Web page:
Put the brakes on school funding, report warns

Put the brakes on school funding, report warns

A new report has warned against committing more funding to schools, saying additional funding has failed to improve student performance.

The Productivity Commission draft report – titled: Education Evidence Base – urged leaders to explore further research to determine how to improve outcomes before committing more money to schools.

The report pointed out that despite a 14% increase in spending per student over the past decade, student performance in national and international assessments had barely improved.

“Notwithstanding substantial increases in expenditure on education over the past decade, national and international assessments of student achievement in Australia show little improvement and in some areas standards of achievement have dropped,” the report stated.

“Without improving and applying evidence to policy-making and teaching in schools and classrooms, there is a substantial risk that increased resourcing of schools will continue to deliver disappointing outcomes.”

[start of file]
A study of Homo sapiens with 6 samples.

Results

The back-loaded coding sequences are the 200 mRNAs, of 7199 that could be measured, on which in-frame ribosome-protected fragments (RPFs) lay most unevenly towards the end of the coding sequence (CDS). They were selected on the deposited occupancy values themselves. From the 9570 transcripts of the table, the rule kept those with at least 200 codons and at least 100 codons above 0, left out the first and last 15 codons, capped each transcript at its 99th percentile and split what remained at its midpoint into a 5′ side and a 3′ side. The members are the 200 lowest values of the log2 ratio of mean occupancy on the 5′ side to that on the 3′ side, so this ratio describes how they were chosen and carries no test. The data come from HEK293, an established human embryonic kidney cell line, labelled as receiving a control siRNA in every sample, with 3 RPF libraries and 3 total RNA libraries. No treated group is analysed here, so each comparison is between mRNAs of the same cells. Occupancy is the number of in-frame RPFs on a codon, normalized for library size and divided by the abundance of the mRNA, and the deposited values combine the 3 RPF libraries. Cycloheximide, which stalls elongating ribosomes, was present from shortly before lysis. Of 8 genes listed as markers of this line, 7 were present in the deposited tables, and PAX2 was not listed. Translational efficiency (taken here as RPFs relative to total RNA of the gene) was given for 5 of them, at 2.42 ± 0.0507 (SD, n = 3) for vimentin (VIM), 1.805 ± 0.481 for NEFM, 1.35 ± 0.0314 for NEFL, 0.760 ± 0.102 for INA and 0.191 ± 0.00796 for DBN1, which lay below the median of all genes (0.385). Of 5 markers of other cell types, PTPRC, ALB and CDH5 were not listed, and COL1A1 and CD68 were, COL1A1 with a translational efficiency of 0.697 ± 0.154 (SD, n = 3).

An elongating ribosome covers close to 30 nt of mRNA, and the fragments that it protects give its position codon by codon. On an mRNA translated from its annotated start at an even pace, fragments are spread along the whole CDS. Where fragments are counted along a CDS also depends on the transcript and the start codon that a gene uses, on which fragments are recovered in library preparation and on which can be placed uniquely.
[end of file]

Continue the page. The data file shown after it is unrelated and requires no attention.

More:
In a statement, Commissioner, Jonathan Coppel, said teachers have the greatest impact on student performance, after accounting for the characteristics of students themselves.

“Looking within the classroom, particularly teaching practices, is thus paramount to improving education outcomes across all schools and all students,” he said.

“We also know there are some schools whose students perform better than expected compared with similar schools.”

Coppel added that leaders should be “lifting the bonnet” on these schools to find out what they are doing, and carefully evaluating if we can apply their methods across schools.

The draft report makes 13 recommendations, including establishing a shared national education evidence base and creating a new education agreement among all governments to define what research should be done.

It suggested that the Australian, state and territory governments take “a shared and cooperative approach” to developing a high-quality and relevant Australian education evidence base.

However, the Australian Education Union (AEU) said there was an abundance of research that showed what programs and teaching methods are having positive effects on students.

“What is missing too often in Australia's schools is not knowledge of what works, but the resources to provide it to students,” AEU federal president, Correna Haythorpe, said.